At Silverstone, Max Mosley talked about the possibility of changing the rules yet again by reducing the final qualifying session from 20 minutes to 15. This is what he had to say: “It would be 15 minutes of non-stop action. But whether the teams want to do that, I don’t know.”

To my mind, this illustrates the condescending attitude of the FIA towards the fans. The assumption is that all we are interested in is “non-stop action”, like teenagers with attention deficit disorder. Well, I have news for Mr Mosley: F1 fans have to be amongst the most knowledgeable of all sports fans. The sport is extremely complicated, even without the constant rule changes introduced by the FIA, and yet every F1 fan understands and appreciates it. They wouldn’t be fans otherwise.

It is about time that the FIA ate some humble pie by rescinding some of the most ridiculous rule changes ever made by a governing body. So the one-lap qualifying rule was a complete flop? If he’d listened to anyone who knew the sport, Max would have understood that we don’t want a lottery – we want to see drivers getting the utmost from their cars in a battle for grid positions. And we don’t think it’s fair that one blown engine can ruin a driver’s chances for the GP. Let them battle it out over two days of qualifying as they used to, swap engines when necessary and recover from momentary mistakes.

Jenson Button

Yes, it’s true that, in those bad old days, we had to sit and watch an empty track for three quarters of an hour before the cars came out to give it everything. But here’s the thing, Max – we didn’t mind. We understood what was happening and were prepared to wait for those incredible final minutes when the best drivers in the world showed us just how fast they really were.

You can say to me that the last three minutes of qualifying at Silverstone were as tense and involving as one could hope for. Three minutes? You mean all those rule changes boil down to this – three minutes of real competition? It sounds very familiar.

And let us not forget that there were two very capable drivers who were excluded from those minutes by bad luck in the first session. Does it not occur to anyone that Button’s and Trulli’s fans might be a bit disgruntled that their drivers were given no chance of a realistic grid spot through a silly rule that reduces F1 to a lottery?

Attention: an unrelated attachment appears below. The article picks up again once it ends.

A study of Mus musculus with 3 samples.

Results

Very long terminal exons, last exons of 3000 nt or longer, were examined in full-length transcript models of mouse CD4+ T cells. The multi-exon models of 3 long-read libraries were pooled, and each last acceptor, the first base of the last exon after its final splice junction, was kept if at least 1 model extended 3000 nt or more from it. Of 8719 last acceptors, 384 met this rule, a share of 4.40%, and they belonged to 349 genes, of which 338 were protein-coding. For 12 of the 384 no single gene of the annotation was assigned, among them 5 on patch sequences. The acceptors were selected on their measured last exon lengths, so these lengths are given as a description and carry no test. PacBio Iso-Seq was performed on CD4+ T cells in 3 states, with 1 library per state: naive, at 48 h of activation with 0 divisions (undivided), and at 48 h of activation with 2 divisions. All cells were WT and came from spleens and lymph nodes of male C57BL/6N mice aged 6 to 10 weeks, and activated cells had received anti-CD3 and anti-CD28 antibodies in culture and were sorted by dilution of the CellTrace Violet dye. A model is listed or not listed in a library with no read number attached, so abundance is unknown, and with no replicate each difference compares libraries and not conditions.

Many of the rule changes of recent years have been made to make F1 more of a “spectacle” for the benefit of TV audiences. Time and again, the FIA introduces changes in an attempt to make things more competitive and exciting. Yet the net result is confusion to the casual viewer and irritation to the real fans. We really don’t need this constant meddling that merely makes things worse.

This is what Ferrari’s Ross Brawn had to say on the matter: “Too many changes confuse the public and are bad for F1.” How true. Let’s have one more rule change to put things back the way they were and then never touch them again. And let the FIA get back to its real business of designing an engine and chassis formula that makes sense and attracts the greatest number of competitors.

F1 is the pinnacle of motor sport; it was gripping before anyone had ever heard of Mr Mosely and it will remain so only if we allow the drivers a decent chance to prove themselves. And that means qualifying sessions that give everyone a fair crack of the whip.

8 Responses to “British GP Qualifying”

  1. “let the FIA get back to its real business of designing an engine and chassis formula that makes sense and attracts the greatest number of competitors”

    So true, give us a logical formula which truly represents the peak of (four wheeled) motorsport, set the rules so as to be as fair as possible and then just keep an eye out for unfair advantage. How hard can it be? :p

  2. Exactly, Mad, how hard can it be? Too hard for the FIA, it seems. But then, they want to do a thousand contradictory things as well – such as make pots of money, sell TV rights, fiddle with practice in the name of spectacle, ruin the circuits in the name of safety and boss everyone else around. It’s a tough job being a big deal…

  3. Hey, could you two keep the chatter down, or at least point to where they sell beer from up here? All I want is to hear loud thunder, smell blue smoke and burnt rubber, get some rays and down a few. And put them sail-phones away too.

  4. Ooops, sorry, Way. Didn’t realize you could hear us. ;)

  5. At last a sane voice on this blog. :-)

  6. My guess for the FIA’s next move is guided missiles during qualification fired from car to car…

  7. It may need to be spiced up for the American market, Mad. Although one of our bloggers thinks that Nascar is very downmarket compared with F1.

  8. Whilst it’s true that F1 has struggled to accumulate a fanbase in the States, I think that has now been achieved. I have been impressed, not only with the numbers of people over here who know about F1, but also with the extent of their knowledge. Like F1 fans everywhere, they understand the sport and enjoy it in spite of the politics.